Canada: Ontario gurdwaras ban officials representing India
The decision was taken by a group representing 15 gurdwaras who said officials were welcome into the place of worship only if they were there for personal reasons.
A group of office-bearers claiming to represent more than a dozen gurdwaras in the Canadian province of Ontario have collectively resolved to “bar” officials representing India, its diplomats and others from entering the premises of these places of worship.
This decision was made at a meeting held at the Jot Parkash Gurdwara in Brampton, a suburb of Toronto, on December 30.
A proforma statement on the ban was signed by those who attended the meeting. It noted: “Pursuant to the Trespass to Property Act (1990), the management of this Gurdwara Sahib reserves the right to bar entry to officials of the Indian Government including but not limited to Indian elected officials, Indian Consular officials, and members of organisations who seek to undermine the Sikh nation and Sikh institutions.”
The meeting was held under the auspices of the Ontario Gurdwaras Committee (OGC). Amarjit Mann, a spokesperson for OGC, told Hindustan Times that managements of 15 gurdwaras in the Greater Toronto Area had “jointly agreed” to this “decision”.
He said that approximately 30 members of the managements of these gurdwaras were present at the meeting on Saturday.
The statement added: “Keeping in mind the interference of Indian Consular and Indian Government officials in the lives of Canadian Sikhs, Gurdwara Management Committees have jointly taken the decision to bar the entry of these officials and members from Gurdwaras across Canada.
“The presence of these officials makes members of the Sikh community uncomfortable due to their agenda of undermining the autonomy of Sikh institutions and organisations. It is our obligation to ensure the safety of the Sangat, and accordingly we have arrived at this decision.”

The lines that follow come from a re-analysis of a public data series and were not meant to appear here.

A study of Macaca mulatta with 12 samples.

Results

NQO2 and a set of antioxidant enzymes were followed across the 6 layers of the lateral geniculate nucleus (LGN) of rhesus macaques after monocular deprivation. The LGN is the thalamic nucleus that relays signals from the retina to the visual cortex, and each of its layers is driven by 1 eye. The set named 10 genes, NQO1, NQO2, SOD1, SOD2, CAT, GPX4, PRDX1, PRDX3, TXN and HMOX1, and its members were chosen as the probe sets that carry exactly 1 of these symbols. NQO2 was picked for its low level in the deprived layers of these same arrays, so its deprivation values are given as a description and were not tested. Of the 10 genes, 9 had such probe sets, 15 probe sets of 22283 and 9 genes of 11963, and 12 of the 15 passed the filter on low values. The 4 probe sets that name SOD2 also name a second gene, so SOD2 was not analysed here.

Speaking to Hindustan Times, Gurpreet Singh Bal, president of the Ontario Khalsa Darbar in Mississauga, better known as the Dixie gurdwara, said, “This decision was taken unanimously. The Indian government interferes too much in the community.”
However, he clarified the ban will be on those visiting gurdwaras in their official capacity, not if they come with personal purpose. “Gurdwara is open for everyone, but when they are on official basis, that’s not allowed,” he said.
Pro-Khalistan activist Sukhminder Singh Hansra was among those present at the meeting and in an emailed statement, he said, “We applaud the decision of Gurdwara Managements to bar Indian High Commission and Indian Consulate as the officials of Indian High Commission (were) directly infiltrating the Sikh affair within Canada.”
He added that “consular powers” such an issuing visas for India were used to “influence” Sikhs against their own “interests.”
The hardline activist group, Sikhs for Justice, welcomed the announcement. In a statement, its legal advisor Gurpatwant Pannun said, “We appreciate the decision of Ontario Gurdwaras to ban entry of Indian diplomats in the gurdwaras. Consulate members represent India, which committed genocide of Sikhs and their presence in gurdwaras is not acceptable to the victims of genocide and to the Sikh community. We urge the management committees across Canada to ban and boycott members of Indian consulates.”
In recent times, Indian officials have visited gurdwaras in the province and elsewhere, a change from how these were once considered no-go zones for them.